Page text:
Wednesday, 23 August 2017

10 Best places in India to Capture at Night

Posted by Vijaya Bhaskar
Travelling in India is always a underlying pressure from friends and family to take as many photos as you can to prove on Facebook, Instagram that you’re having fun. Even when you’re living in an exotic location, capturing the scenery in a positive light can do more than any anecdote or descriptive story.

Marine Drive, Mumbai


Marine Drive is a 3.6-kilometre-long, six-lane boulevard hugs the coast of the city and connects Nariman Point to Babulnath and Malabar Hill. It’s otherwise known as the Queen's Necklace, because when viewed at night the lit-up streetlights resemble a pearl necklace, giving this otherwise typical road a second life after the sun goes down. Marine Drive is not only an integral part of the city, but a must-see spot you need to photograph in the moonlight.
It gives the view of arabian sea.

Golden Temple, Punjab


This Indian state in home to the country’s largest Sikh community and holds a multitude of worships sites like the Durgiana Temple and Golden Temple. Made of gold and marble, this incredible structure has become one of the most iconic temples in the country and cannot be skipped. Some of the architectural features of the Harmandir Sahib were intended to be symbolic of the Sikh world view.

Great Rann of Kutch, Gujarat


Great Rann of Kutch, Considered one of the largest salt deserts in the world, this 7,505 square kilometre marsh has been known about since 325 BCE when Alexander the Great apparently made note of the area.

Palace of Mysore, Mysore


It’s been called a once-in-a-lifetime opportunity — Mysore Palace at night. Combining Hindu, Muslim, and Gothic styles, this marble and stone structure attracts more than six million visitors per year and has become one of the most visited attractions in India. If you’re joining these hoards of visitors, be sure to pack your smartphone because it’s an unmissable sight at night. On Sundays and public holidays, Mysore Palace hosts an illumination show that lights up the area in a way those who built the domes, gardens, and temples couldn’t have imagined when they were erected hundreds of years ago.

Lotus Temple, Delhi


This temple doesn’t have the historical significance of some of the other locations on the list, this house of worship is a must-see spot regardless of the time of day. Made up of 27 marble petals, the Lotus Temple takes its namesake from the flower it resembles. What we love about the Lotus Temple aside from the insanely beautiful architecture is the message behind it. This is one of the few temples that allow people from any religious background to freely worship inside. The inherent beauty of this practice is one that challenges the breath-taking view of the temple when lit up at night for all to see.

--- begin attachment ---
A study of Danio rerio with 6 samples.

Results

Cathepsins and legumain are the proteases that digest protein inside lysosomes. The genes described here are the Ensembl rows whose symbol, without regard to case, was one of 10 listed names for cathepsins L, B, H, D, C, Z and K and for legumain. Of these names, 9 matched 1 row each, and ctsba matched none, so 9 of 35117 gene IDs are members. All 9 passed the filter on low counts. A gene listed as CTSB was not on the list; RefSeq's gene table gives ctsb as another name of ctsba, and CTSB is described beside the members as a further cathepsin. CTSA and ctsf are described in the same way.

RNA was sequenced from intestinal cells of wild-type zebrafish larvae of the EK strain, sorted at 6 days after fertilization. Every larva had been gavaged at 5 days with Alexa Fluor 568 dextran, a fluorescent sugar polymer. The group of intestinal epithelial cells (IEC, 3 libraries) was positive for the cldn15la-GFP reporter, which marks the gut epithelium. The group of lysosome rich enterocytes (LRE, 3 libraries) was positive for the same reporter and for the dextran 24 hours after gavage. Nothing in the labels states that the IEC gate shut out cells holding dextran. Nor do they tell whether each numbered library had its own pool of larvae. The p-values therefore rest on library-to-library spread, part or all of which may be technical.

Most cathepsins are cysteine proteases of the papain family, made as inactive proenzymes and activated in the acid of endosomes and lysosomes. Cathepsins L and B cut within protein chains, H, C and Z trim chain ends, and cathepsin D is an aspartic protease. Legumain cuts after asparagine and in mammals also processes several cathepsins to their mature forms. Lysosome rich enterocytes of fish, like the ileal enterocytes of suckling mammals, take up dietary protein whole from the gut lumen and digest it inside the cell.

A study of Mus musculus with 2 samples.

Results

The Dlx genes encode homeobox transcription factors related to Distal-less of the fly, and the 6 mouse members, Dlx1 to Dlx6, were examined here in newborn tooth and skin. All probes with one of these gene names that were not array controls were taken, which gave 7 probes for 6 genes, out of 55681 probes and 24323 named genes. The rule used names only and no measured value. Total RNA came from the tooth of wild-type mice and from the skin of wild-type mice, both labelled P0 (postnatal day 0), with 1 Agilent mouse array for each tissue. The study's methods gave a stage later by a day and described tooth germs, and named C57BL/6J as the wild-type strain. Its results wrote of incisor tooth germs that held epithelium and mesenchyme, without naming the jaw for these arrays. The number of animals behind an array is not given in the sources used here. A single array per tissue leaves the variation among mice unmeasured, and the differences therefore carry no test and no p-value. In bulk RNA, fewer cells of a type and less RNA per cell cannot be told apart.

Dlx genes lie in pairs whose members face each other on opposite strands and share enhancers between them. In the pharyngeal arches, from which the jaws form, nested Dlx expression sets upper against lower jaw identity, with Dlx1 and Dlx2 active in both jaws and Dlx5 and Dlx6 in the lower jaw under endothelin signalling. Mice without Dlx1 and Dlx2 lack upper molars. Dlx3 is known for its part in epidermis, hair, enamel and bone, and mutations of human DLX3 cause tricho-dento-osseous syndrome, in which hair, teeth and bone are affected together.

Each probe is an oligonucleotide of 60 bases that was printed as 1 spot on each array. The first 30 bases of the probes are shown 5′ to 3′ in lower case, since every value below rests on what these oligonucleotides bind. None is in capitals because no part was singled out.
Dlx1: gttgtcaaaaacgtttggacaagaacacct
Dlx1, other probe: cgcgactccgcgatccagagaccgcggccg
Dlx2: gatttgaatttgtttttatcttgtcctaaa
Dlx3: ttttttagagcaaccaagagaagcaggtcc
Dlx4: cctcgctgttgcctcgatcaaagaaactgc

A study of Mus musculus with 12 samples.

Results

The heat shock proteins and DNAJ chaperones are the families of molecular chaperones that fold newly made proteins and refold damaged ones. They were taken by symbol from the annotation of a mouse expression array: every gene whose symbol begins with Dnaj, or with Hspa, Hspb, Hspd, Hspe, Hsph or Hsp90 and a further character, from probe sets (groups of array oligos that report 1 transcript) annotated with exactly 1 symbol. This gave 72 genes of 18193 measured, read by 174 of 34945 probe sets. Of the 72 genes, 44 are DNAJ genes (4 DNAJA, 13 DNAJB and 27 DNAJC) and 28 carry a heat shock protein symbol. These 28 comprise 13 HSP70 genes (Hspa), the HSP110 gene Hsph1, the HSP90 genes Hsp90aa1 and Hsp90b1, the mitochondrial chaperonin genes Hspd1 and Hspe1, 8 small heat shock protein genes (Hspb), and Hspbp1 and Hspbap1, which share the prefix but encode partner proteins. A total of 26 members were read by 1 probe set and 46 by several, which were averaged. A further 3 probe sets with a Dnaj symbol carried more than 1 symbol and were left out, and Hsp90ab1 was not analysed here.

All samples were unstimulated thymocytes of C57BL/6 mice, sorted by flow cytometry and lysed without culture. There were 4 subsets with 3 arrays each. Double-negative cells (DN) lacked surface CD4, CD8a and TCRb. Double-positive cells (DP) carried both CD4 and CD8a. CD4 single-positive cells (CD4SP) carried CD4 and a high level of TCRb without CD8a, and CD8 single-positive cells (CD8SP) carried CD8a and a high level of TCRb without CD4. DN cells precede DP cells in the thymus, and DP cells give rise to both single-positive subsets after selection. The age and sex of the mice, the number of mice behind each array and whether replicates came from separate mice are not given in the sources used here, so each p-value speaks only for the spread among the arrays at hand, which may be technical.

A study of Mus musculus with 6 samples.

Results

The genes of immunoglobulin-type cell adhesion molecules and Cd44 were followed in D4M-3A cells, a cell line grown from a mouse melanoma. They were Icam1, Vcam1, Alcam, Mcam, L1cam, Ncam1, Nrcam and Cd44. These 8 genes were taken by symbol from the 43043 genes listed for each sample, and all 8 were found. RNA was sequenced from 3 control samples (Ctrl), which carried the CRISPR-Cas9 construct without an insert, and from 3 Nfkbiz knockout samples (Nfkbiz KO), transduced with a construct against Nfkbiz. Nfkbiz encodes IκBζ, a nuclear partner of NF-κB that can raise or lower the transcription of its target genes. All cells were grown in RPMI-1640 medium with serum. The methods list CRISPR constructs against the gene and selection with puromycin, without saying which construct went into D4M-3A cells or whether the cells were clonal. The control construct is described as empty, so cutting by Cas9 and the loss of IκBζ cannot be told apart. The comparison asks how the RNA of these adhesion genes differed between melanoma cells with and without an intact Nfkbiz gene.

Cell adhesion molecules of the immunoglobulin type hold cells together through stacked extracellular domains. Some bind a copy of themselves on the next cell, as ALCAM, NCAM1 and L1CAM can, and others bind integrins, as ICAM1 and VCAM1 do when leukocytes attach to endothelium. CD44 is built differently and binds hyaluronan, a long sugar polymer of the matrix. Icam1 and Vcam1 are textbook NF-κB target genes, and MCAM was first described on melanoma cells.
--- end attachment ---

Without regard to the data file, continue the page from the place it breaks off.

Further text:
The Charminar, Telangana


On the east bank of the Musi River in Hyderabad, Telangana is The Charminar and believe us, you can’t miss it. Built by Sultan Muhammed Quli Qutb Shah in the fifteenth century to commemorate the end of the Bubonic plague, The Charminar has become one of the most iconic monuments in India. It is during the nighttime that a flurry of colourful bangle shops light up the area, giving an ethereal glow to the mosque.

UB City, Bangalore

You wouldn’t expect a shopping mall to draw in the type of amateur photographers who relish the chance to capture their country’s beauty, but this isn’t your typical shopping mall. UB City is Bangalore’s biggest luxury commercial property that features an 800-seat amphitheatre, residency tower, restaurants, food courts, pubs, day spa, and an art gallery. While there’s plenty of shopping to occupy your time during the day, it’s the outside of the mall that’ll truly impress you once the sun goes down. It’s not just the lit-up mall that draws you in, but events like the Diwali Midnight Market that make you thankful the Tecno i7’s 16 MP front night camera can take the kind of incredible photos that can be shared with the rest of the world with such ease.

The Brindavana Gardens, Karnataka


For those who are dying for the splendour of nature, The Brindavana Gardens in Karnataka provide a pristine landscape that’s visited by at least two million people per year. The garden itself is spread across 60 acres, with a fruit garden than spans over 75 acres next door. For visitors wanting more than static, nice-smelling scenery, a living musical fountain functions as the park’s main attraction by synchronizing bursts of water to music.

Chhatrapati Shivaji Terminus, Mumbai


Constructed in 1888, this High Victorian Gothic railway station was originally built to celebrate the Golden Jubilee of Queen Victoria before ultimately serving as the main terminal for the Mumbai Suburban Railway. While the glazed-tile walls of Chhatrapati Shivaji Terminus are absolutely marvellous on their own, it’s the outside of the Terminus that becomes especially breath-taking once the sun sets. Scores of multi-coloured lights paint the historic train station a myriad of colours, giving the site an otherworldly quality second to none, and giving you an excuse to put the TECNO i7’s camera to the test.

Bandra Worli Sea Link, Mumbai


Commissioned by the Maharashtra State Road Development Corporation (MSRDC), the Bandra–Worli Sea Link (otherwise known as Rajiv Gandhi Sea Link) is an eight-lane cable-stayed freeway that connects Bandra to Worli in South Mumbai. Construction began in 2000 and took just over a decade to complete, using 90,000 tons of concrete to make. Like Marine Drive, it is the Sea Link’s 5.6 kilometres of streetlights that makes this such a picture-worthy location. MSRDC officials aim to reduce the Sea Link’s expenditure on electricity by 65 percent by installing solar panels this year.